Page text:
Armaged some funding! Danish NGO collecting funds for asteroid protection

The Danish NGO, the Emergency Asteroid Defence Project (EADP), is currently seeking funding worth approximately 1.3 million kroner as it works towards developing a spacecraft that can blow threatening asteroids to pieces.

Researchers led by Professor Bong Wie at Iowa State University have, in co-operation with EADP, developed a spacecraft and interception plan that aims to deflect or dissipate asteroids in a short-warning-time scenario.

“The risk of being hit by a car is obviously greater than that of being hit by an asteroid,” said EADP’s founder Søren Ekelund – a mechanical engineer who is the CEO and owner of 01 Advanced Innovation – who has already contributed 4 million kroner to the project.

“But it is easier to do something about the asteroid.”

Conquering the asteroid threat
According to researchers, asteroids pose a very real threat to society, both in terms of cost and damage.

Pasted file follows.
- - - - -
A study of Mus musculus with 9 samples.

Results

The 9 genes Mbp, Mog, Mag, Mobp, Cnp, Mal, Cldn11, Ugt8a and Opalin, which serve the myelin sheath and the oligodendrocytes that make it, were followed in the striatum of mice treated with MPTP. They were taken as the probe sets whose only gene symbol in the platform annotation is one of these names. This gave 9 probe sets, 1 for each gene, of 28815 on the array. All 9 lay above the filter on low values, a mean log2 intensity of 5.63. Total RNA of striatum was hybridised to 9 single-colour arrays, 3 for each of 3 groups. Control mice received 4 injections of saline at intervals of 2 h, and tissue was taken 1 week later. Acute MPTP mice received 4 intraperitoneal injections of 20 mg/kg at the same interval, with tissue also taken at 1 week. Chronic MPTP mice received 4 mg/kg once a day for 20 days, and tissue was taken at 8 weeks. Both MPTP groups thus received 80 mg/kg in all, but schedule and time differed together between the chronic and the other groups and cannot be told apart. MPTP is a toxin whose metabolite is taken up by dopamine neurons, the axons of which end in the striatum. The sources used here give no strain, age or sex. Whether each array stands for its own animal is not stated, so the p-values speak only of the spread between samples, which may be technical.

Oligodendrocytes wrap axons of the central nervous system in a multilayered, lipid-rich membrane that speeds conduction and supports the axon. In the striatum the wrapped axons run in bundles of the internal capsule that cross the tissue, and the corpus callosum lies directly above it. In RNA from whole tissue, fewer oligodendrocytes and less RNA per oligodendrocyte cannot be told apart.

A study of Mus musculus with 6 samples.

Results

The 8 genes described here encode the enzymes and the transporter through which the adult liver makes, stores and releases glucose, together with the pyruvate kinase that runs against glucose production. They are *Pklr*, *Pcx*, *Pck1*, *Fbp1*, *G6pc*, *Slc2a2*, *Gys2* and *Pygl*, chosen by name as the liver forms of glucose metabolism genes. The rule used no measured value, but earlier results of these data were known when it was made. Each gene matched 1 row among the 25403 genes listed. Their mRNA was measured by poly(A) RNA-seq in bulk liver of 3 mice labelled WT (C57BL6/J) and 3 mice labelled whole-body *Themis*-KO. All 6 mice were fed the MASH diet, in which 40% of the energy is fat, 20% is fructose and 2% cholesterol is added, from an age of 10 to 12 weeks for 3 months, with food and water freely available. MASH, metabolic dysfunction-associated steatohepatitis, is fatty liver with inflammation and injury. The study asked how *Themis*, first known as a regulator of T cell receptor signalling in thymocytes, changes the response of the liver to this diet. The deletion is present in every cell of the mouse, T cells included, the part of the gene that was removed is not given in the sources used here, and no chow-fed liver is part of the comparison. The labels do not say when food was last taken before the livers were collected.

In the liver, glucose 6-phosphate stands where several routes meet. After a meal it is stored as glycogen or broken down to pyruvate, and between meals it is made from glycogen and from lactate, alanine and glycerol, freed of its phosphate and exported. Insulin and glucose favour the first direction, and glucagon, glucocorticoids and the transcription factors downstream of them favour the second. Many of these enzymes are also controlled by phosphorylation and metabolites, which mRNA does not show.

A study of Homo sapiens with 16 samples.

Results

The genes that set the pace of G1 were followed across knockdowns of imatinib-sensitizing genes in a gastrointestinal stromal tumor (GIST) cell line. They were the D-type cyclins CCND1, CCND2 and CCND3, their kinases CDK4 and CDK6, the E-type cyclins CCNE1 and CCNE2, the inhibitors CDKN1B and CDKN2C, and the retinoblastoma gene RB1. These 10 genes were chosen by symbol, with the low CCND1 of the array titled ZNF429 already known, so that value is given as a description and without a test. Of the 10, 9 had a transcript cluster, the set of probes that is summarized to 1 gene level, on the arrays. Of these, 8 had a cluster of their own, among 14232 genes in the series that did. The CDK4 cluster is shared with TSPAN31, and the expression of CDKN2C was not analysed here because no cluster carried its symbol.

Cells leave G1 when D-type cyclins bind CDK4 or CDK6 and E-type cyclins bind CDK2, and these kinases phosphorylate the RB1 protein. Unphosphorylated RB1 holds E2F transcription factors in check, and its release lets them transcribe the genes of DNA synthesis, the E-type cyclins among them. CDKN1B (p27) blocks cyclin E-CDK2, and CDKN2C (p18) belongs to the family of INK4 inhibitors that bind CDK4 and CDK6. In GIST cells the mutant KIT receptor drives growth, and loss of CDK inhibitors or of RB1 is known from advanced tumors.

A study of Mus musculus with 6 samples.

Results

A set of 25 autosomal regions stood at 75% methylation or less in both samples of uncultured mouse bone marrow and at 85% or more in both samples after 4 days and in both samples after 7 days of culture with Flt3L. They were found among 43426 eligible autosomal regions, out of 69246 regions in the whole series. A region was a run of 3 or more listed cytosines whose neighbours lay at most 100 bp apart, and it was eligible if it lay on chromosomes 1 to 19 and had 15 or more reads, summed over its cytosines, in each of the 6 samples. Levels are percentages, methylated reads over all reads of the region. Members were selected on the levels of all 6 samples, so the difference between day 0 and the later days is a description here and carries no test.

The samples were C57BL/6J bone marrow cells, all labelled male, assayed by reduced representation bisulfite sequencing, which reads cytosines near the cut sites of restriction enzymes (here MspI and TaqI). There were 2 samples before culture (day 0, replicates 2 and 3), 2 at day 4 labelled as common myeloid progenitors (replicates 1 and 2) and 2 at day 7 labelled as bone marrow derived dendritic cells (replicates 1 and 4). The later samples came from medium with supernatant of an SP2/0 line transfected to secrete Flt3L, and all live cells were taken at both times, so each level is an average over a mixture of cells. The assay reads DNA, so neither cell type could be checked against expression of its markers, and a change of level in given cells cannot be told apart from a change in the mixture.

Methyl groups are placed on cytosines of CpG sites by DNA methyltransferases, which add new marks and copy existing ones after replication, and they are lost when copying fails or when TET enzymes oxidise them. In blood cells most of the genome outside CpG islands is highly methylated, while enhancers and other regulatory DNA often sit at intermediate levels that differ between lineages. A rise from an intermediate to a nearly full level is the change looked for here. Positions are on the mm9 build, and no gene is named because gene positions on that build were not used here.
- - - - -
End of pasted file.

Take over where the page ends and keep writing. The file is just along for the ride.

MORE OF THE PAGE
“The smaller asteroids (under 300 metres in diameter) can be hard to see until they are very close. We saw this first-hand in 2013 when an asteroid caused 33 million dollars worth of damage in Russia,” Ekelund told Ingeniøren, referring to the 10,000-tonne asteroid that splintered over the city of Chelyabinsk.

The vessel is a HAIV (Hypervelocity Asteroid Intercept Vehicle) – a two-body spacecraft that produces a crater on the objects surface, before delivering an explosive device into the crater, breaking up the asteroid into small harmless pieces.

More funding required
Via crowdfunding on Indiegogo, the NGO has so far received a modest $5,837 – a figure equivalent to 3 percent of the target of $200,000.

However, Ekelund explains that it is the psychological barriers that impede the work.

“People think it sounds crazy, and I admit that at first, I did too. It is something that seems distant and remote from our comprehension – nobody knows someone that has been killed by an asteroid,” said Ekelund.

“We expect to have a vessel ready within two to three years, so we hope to get the general public on board with our cause.”